The country wishes to reap benefits from ChatGPT-like services while ensuring its political security.
A day after Premier Li Qiang sent a booster shot to Big Tech and the National Development and Reform Commission endorsed a number of their technology innovation projects - Artificial Intelligence in particular, China on Thursday released a much-more-supportive-than-expected regulation for Generative AI Services, or ChatGPT-like services in China, relaxing many restraints previously mentioned in an April Call for Comments draft.
The Interim Measures for the Management of Generative AI Services [CHN] (hereinafter referred to as the "Interim Measures") is jointly released by the Cyberspace Administration of China (CAC), National Development and Reform Commission, Ministry of Education, Ministry of Science and Technology, Ministry of Industry and Information Technology, Ministry of Public Security, State Administration of Radio and Television, and will come into effect on August 15, 2023.
It is significantly different from the Measures for the Management of Generative AI Services (Call for Comments) [CHN] (hereinafter referred to as the "Call for Comments") previously drafted by the CAC.
In a significant self-limiting clause, The Interim Measures stipulate that
"Industry organizations, enterprises, educational and scientific research institutions, public cultural institutions, relevant professional institutions, etc. that develop and apply generative AI technologies without providing Generative AI Services to the domestic general public are not subject to the provisions of these Measures."
That is to say, the measures regulate only "services provided to the general public" and do not regulate non-public-facing ChatGPT-like services. It echos the encouraging tone that the measures take towards scientific and technological advancements and opens up business opportunities for non-public-facing services. The clause was not available in the Call for Comments.
Article XI of the Call for Comments sets forth two conditions for companies BEFORE providing services by Generative AI Service products to the public:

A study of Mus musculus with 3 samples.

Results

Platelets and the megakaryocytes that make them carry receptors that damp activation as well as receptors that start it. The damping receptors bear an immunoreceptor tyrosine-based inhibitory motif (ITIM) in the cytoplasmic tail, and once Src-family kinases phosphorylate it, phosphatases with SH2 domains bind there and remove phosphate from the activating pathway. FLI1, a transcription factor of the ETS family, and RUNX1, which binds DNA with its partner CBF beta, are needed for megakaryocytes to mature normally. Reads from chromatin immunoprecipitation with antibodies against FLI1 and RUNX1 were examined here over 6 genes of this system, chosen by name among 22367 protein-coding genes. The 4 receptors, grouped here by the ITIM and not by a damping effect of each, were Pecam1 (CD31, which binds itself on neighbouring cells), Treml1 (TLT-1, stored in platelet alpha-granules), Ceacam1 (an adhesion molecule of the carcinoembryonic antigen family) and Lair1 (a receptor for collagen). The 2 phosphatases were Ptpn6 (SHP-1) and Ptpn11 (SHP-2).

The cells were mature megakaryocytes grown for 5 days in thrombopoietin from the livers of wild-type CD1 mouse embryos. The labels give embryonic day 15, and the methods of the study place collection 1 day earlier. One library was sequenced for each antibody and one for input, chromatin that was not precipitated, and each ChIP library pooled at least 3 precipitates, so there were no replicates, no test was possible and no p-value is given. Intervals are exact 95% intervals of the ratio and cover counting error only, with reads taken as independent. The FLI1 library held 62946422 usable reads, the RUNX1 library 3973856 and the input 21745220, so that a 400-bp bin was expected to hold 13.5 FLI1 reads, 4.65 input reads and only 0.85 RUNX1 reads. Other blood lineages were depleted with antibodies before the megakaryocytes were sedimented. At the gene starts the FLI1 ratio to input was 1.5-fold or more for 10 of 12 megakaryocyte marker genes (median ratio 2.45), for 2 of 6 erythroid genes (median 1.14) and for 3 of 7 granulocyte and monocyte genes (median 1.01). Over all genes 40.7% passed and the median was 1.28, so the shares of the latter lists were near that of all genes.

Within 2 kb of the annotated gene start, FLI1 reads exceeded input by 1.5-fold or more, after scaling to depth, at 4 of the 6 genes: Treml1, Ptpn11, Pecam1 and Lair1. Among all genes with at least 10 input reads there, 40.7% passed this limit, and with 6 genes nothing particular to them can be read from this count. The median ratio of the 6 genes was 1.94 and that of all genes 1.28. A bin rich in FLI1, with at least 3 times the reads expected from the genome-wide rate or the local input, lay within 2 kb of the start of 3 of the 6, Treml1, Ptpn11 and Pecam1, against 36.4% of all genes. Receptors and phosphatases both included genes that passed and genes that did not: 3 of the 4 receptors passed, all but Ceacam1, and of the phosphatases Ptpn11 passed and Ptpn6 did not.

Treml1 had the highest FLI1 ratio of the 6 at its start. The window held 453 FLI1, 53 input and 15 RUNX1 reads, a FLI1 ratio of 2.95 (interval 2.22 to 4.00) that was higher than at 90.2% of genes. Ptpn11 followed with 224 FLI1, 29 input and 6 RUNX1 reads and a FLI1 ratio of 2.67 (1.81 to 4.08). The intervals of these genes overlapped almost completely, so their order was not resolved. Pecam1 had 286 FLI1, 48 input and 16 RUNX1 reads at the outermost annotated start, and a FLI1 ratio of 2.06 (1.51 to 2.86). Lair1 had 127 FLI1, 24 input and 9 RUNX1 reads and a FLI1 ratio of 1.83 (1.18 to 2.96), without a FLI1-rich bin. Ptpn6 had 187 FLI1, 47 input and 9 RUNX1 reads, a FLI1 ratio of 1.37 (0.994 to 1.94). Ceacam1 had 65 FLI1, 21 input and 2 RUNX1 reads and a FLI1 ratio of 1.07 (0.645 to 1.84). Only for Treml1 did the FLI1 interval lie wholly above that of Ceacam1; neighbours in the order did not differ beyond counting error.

First, to make a security assessment reporting to the CAC in accordance with the Provisions on Security Assessment of Internet Information Services with Public Opinion Attributes or Social Mobilization Capability.
Second, to complete algorithm filing procedures in accordance with the Internet Information Service Algorithm Recommendation Management Regulations.
The Interim Measures now say only the Generative AI Services “with the capacity to guide public opinion or mobilize society” should do so, and didn’t mention explicitly mandate they must do so BEFORE serving the public.
In a major step toward protecting the privacy of users of Generative AI Services, the Interim Measures have deleted a clause that requires the service providers to demand the real-name registration of users. So technically it now appears users can use the services anonymously.
Another small but probably not insignificant step is that the Interim Measures include a chapter of definitions of the terms used in the document, which is rare for Chinese government regulations and non-existent in the Call for Comments.
The Interim Measures add more burden on service providers in mandating the prevention of discrimination based on race, ethnicity, beliefs, nationality, region, gender, age, occupation, health conditions, etc. In the Call for Comments, only race, nationality, and gender were mentioned.
The gist of the changes between Call for Comments and Interim Measures is that Chinese decision-makers want to “balance development and security,” instead of over-regulating Generative AI Services and thus stifling potentially important progress from innovation.
That’s apparent in the broadening of the laws cited as the legal basis of the Interim Measures, which now includes the Law on Progress of Science and Technology in addition to the Cybersecurity Law, Data Security Law, and Personal Information Protection Law.
The Call for Comments draft was drafted and issued by the CAC alone, the Interim Measures were now jointly announced by CAC, the National Development and Reform Commission, Ministry of Education, Ministry of Science and Technology, Ministry of Industry and Information Technology, Ministry of Public Security, and State Administration of Radio and Television.
However, by Western standards, the Interim Measures would still appear to include a lot of politicized regulations, such as requiring the provision and usage of public-facing Generative AI services must
Adhere to the core socialist values, and shall not produce content that incites subversion of the state power or overthrow of the socialist system, endangers national security and interests, damages the national image, incites the division of the country, undermines national unity and social stability, promotes terrorism and extremism, spreads ethnic hatred and discrimination, violence, pornography, as well as false and harmful information, all of which are prohibited by laws and administrative regulations.
Will foreign providers of public-facing Generative AI services have a chance in the 1.4-billion-strong world’s second-largest economy?
If the provision of generative artificial intelligence services from outside the territory of the People's Republic of China to within the territory does not comply with laws, administrative regulations, and the provisions of these Interim Measures, the Cyberspace Administration of China shall notify the relevant institutions to take technical measures and other necessary measures to dispose of it.
Foreign investment in generative artificial intelligence services shall comply with the relevant laws and administrative regulations regarding foreign investment.
Here is a complete comparison between the Interim Measures and Call for Comments, in Chinese.